Finance Minister Blümel: declining-balance depreciation possible from 1 July, tax deferrals automatically extended until 15 January 2021, first tier of wage and income tax retroactively reduced to 20%.
 

“Coronavirus has thrown many countries off track. The €50 billion package is designed to put Austria back on track”, said Finance Minister Gernot Blümel at the press conference on the end of the review of the comeback package. Three priorities have been identified for the €50 billion package: safeguarding precious jobs and businesses, easing the burden on people and investing in the economy. As part of the Economic Stimulus Act, the Federal Ministry of Finance ordered a review of the specific relief measures and investment incentives. The parliamentary allocation is to begin as early as next week to ensure that the measures take effect and reach the economic sphere quickly.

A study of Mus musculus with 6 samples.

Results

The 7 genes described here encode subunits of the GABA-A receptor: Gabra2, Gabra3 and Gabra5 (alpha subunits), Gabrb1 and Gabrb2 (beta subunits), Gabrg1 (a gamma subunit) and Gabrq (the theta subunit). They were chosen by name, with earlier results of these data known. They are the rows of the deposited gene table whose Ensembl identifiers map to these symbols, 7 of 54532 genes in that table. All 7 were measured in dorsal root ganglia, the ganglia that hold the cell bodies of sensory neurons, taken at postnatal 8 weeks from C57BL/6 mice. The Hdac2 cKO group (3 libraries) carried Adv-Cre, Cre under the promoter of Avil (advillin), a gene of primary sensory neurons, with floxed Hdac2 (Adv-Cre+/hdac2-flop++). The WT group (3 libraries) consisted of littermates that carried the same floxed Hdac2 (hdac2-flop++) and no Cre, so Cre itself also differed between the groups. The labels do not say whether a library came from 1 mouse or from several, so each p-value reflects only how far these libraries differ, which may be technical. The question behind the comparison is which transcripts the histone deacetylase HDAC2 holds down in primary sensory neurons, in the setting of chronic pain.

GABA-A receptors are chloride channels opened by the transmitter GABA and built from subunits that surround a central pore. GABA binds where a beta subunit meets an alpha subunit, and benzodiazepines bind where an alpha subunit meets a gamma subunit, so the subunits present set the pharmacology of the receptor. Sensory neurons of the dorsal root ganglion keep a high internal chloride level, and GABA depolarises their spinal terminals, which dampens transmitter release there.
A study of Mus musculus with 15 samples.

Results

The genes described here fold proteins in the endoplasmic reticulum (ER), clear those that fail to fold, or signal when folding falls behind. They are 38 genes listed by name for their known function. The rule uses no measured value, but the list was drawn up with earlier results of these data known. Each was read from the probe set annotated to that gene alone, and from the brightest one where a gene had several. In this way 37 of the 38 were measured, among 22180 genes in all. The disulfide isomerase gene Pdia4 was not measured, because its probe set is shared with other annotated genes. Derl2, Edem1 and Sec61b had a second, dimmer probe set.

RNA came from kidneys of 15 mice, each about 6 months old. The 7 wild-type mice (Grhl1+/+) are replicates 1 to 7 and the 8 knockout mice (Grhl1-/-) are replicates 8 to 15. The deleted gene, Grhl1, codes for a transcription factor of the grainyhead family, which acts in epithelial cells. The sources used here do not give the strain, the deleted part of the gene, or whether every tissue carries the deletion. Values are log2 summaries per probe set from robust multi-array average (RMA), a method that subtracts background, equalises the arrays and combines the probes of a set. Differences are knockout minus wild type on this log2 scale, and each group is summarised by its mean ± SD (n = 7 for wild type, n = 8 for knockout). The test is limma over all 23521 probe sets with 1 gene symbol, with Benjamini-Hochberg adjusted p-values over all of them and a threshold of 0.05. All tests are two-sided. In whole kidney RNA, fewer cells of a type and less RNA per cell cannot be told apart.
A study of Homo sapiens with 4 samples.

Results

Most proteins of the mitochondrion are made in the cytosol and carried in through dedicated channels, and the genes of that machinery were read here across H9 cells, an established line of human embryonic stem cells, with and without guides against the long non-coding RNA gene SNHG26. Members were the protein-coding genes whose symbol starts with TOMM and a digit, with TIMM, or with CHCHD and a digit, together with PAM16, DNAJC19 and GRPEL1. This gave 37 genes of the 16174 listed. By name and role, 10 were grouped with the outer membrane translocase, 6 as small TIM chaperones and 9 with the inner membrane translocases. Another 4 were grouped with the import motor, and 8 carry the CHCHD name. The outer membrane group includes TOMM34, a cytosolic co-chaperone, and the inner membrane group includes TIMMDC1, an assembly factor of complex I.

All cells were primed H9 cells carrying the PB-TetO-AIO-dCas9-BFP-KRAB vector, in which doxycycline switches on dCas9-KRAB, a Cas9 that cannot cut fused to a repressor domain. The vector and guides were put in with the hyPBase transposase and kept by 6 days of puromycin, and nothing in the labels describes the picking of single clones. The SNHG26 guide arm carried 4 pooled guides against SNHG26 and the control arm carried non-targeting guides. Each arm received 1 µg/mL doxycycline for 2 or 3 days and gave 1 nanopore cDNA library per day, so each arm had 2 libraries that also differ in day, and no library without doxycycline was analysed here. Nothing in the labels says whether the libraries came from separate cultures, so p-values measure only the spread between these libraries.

One of the relief measures is the reduction of the first tier wage and income tax from 25% to 20%. “This amounts to a volume of around €1.6 billion, so that more money will remain in people’s pockets. The reduction is being implemented retroactively, as of 1 January 2020, and will be paid out from the autumn”, said Finance Minister Blümel.

“In addition to this reduction, we want to create investment incentives, so that entrepreneurs have a prospect of lucrative gains. In my view, the declining-balance depreciation is a small economic revolution”, Finance Minister Blümel added. From as early as 1 July 2020, it will be possible to depreciate 30% of the book value of a capital asset per year. “This will enable entrepreneurs to structure investments in a tax-optimised way and should also stimulate investment in general”, the Finance Minister continued.  

In addition, by means of a change in the law, tax deferrals that had previously been granted until 1 October 2020 are being automatically extended to 15 January 2021; there’s no need for a separate application. “We are implementing these measures to put Austria back on track and to restore optimism”, Blümel concluded.